LETTER: Loss of CRP could bring another Dust Bowl to SDFor those who tremble at the federal debt load they are leaving to their children may be added a decline in water quality, fewer wildlife and (I hope not) the “Dirty Teens.”
By: Robert Tatina, Mitchell
To the Editor:
About 80 years ago, South Dakota was in the grips of a prolonged drought during which huge clouds of soil particles moved like storms across the state. The intensive and extensive cropping of the land exacerbated the effects of this drought, forcing many to lose the land that they farmed while making others severely ill. The recent drought, the conversion of CRP acres to row crops and the plowing of sloughs worry me, as does the loss of so many shelter belts planted after the Dirty Thirties to slow the wind and prevent soil loss.
When the Conservation Reserve Program was made part of the farm bill in the 1980s, its purposes were to 1) reduce the grain glut and thereby raise commodity prices, and 2) remove marginally arable land from being cropped. Those farmers who enrolled land in the program were paid to plant grass on CRP acres. This was a sweet deal, for it had side benefits that were enormous — wildlife habitat (for pheasants in South Dakota), a filter to remove fertilizer runoff from entering lakes and streams (the cause of foul-smelling alga blooms like those that occur annually in Lake Mitchell and most, if not all, ponds and lakes in eastern South Dakota) and a buffer against wind and water erosion of lands that are marginally productive.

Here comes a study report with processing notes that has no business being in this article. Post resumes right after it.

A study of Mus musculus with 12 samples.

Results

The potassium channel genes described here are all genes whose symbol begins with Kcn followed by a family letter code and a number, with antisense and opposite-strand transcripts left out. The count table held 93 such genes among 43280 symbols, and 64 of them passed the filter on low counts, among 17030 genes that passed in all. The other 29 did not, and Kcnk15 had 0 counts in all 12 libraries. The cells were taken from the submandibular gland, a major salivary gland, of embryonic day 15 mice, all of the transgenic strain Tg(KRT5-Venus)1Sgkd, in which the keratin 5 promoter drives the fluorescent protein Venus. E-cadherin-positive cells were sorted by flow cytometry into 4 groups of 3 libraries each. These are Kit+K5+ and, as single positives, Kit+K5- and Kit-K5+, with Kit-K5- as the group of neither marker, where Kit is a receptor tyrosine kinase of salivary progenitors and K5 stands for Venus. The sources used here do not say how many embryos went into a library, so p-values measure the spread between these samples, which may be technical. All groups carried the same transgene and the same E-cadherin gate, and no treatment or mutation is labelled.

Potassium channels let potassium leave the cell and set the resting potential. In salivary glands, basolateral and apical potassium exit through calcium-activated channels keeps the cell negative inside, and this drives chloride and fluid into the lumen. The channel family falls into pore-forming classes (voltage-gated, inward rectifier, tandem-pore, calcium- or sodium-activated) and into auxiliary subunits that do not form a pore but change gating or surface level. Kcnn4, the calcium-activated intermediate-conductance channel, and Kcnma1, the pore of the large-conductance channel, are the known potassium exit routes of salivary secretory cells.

Currently, CRP acres are no longer needed to shore up grain prices; the world population and the conversion of corn to ethanol have done that. In addition, the current set-aside payment for CRP acres is not competitive with grain prices. What’s worse is that under the current national debt crisis, Congress probably will be unwilling to increase funding for CRP, especially in the onslaught of lobbying by grain, meat and agri-chemical organizations.
How perverse that we consider short-term financial gains, when there may be long-term dire consequences. For those who tremble at the federal debt load they are leaving to their children may be added a decline in water quality, fewer wildlife and (I hope not) the “Dirty Teens.”